Part III, Tesla Talk, With Just A Glimpse Of Musk

[Car proud, car envy. But so much more! New to these serial pages? Catch up, part I & part II].


“But she’s so self-righteous about it!” Avrum claims, and gets all incensed at my eye-roll. Yes, eye-roll, “I am not! That’s bullshit!”

Too easy.

Not to generalize but, in my experience, those who drive Teslas tend to portray themselves as, how to put this kindly, planetary saviours? They could be racing down the road, tossing fast food wrappers out the window as they go, rolling over endangered turtles and knocking spotted owls from the air and still claim the mantel of climate warrior. My Other Car Is A… Are you f’n kidding me? What other car?!


They’re driving us toward the future. Next stop: Mars! The car as an extension of a life enhanced by technology and the utopian advancements it is sure to bring. It’s all @Smart©®™ TV, phone, kitchen, home security, the Tesla. There is no bump in the road that cannot be run roughshod over if we just give over to the robots.

“You’re ridiculous!” Avrum snipes.

“Wanna talk smug?” Lianne chimes in, coming to the aid of her little brother. “You drive a Subaru.”

Do I? I don’t really think about it that much. But enough about me.

“Sweet ride,” dad tells me about Beverli Lee’s Tesla. “Goes like stink! Like I’m Michael J. Fox in that movie being chauffeured around by that crazy old guy!”

“Like I’d be seen in that piece of crap you drive, Leonard,” Beverli Lee mock harumphs at dad. “What is it again?”

A Subaru. My dad drove a Subaru.

“She does the driving?” Lianne marvels with a malicious edge. “I don’t ever remember him sitting in the passeng—”

“Welcome to da 90s, Mr. Bahnks!” Avrum Francks her before realizing he’s come to Beverli Lee’s defense.

“Your dad’s too much of a fraidy cat to even take ‘er out for a spin!” she tells me.

“You kidding me?” dad defends himself in a way that suggests this is a bit between them, part of their routine. “You know how expensive her car is? No scratches or dents on my watch!”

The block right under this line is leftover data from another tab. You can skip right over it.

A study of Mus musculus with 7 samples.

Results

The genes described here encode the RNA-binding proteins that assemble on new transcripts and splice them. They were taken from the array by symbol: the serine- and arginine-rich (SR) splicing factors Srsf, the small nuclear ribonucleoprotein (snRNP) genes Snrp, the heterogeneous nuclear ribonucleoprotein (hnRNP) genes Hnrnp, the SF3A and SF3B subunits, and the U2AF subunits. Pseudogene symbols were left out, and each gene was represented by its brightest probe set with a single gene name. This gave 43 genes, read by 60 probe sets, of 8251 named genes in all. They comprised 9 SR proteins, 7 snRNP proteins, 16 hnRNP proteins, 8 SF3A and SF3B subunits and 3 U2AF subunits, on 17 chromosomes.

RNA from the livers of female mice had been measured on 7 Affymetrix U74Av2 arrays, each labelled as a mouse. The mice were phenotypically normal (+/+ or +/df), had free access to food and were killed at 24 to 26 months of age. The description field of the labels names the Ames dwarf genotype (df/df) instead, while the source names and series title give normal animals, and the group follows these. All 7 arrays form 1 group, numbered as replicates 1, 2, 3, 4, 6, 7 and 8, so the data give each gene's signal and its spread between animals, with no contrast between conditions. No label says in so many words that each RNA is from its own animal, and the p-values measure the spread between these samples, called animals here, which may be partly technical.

“It practically drives itself! Literally!!” Beverli Lee, on cue. “If not legally. At least, not yet. Not here, at any rate. So behind the times. Of course. Take it down to the States—”

They definitely have a schtick going on between them. I’ve played audience enough times now to recognize the pattern, the patter. “Sweet ride” is a callback for my dad, a good-natured barb as part of the fun, Playful in tone but with an undercurrent of, if not undermining, a faint whiff of mockery. Unless I’m just reading too much into it.

“F*ck Trudeau, eh?”

“And what was her response?” Avrum (or Lianne) asks.

She seemed to relish it as a challenge, would be my appraisal. Sitting back in her chair, with one hand shielding the setting sun from her eyes, the other swirling the wine in her glass, Beverli Lee matched my father’s smirk. That’s what it was, right? A smirk. My dad was smirking.

“Dad doesn’t smirk,” Lianne confirms.

“Dad don’t do smirk,” Avrum adds.

Papa Smirk.

Yeah. That definitely wasn’t my dad, not back in the day, at any rate, as far as any of us could recall.

Through the golden hue of memory, our parents’ relationship never seemed in any way combative. Disagreements surfaced between them in front of us, of course. They bickered sometimes, testy at best (or worst), rarely, if ever, prolonged and dragged out for public consumption. If anything, I remember my parents as—

“Handsy,” Lianne says. “Both of them. Couldn’t keep their mitts off each other.”

Not in any sort of creepy way. Don’t go all lewd in the visualizations. Reciprocal bum pats. Arms around waists. They constantly nudged shoulders while making dinner or mixing drinks. My parents clearly liked each other and enjoyed each other’s company.

This thing between dad and Beverli Lee, whatever it was, it wasn’t that. Almost a game of one-upmanship. They alternated in the roles of performer and audience-heckler although she seemed more inclined toward the spotlight—

“Beverli Lee Diva,” Avrum says. “Amirite?”

A biased review of the show, admittedly.

“You drive a Tesla too?” Beverli Lee asks my brother, shortly after the four of us have been seated for dad’s birthday dinner. “What model?”

This is not the first time that she’s just been reminded that Avrum drives the same car as she does. Not the first time she’s asked about which model of Tesla.

“Every time,” Avrum confirms. “She asks every time.”

“Come on, Beverli Lee,” my father near snaps out. “How many times to we have to go through this?” It doesn’t sound like dad’s playing their game now. “Everyone at the table knows you both drive Teslas. I’m not sure you’ve told our waiter yet, though,” he continues just as our waitress arrives to introduce herself to us.

“Hello, good evening, folks,” she says. “Welcome to the Keg. My name’s Kelsey and I—”

“Did you know, Kelsey, that my son here,” dad gestures toward Avrum, “and this one,” hitches a thumb in Beverli Lee’s direction, “both drive Teslas? Just to get that out of the way.”

The Keg. Dad’s birthday. The four of us.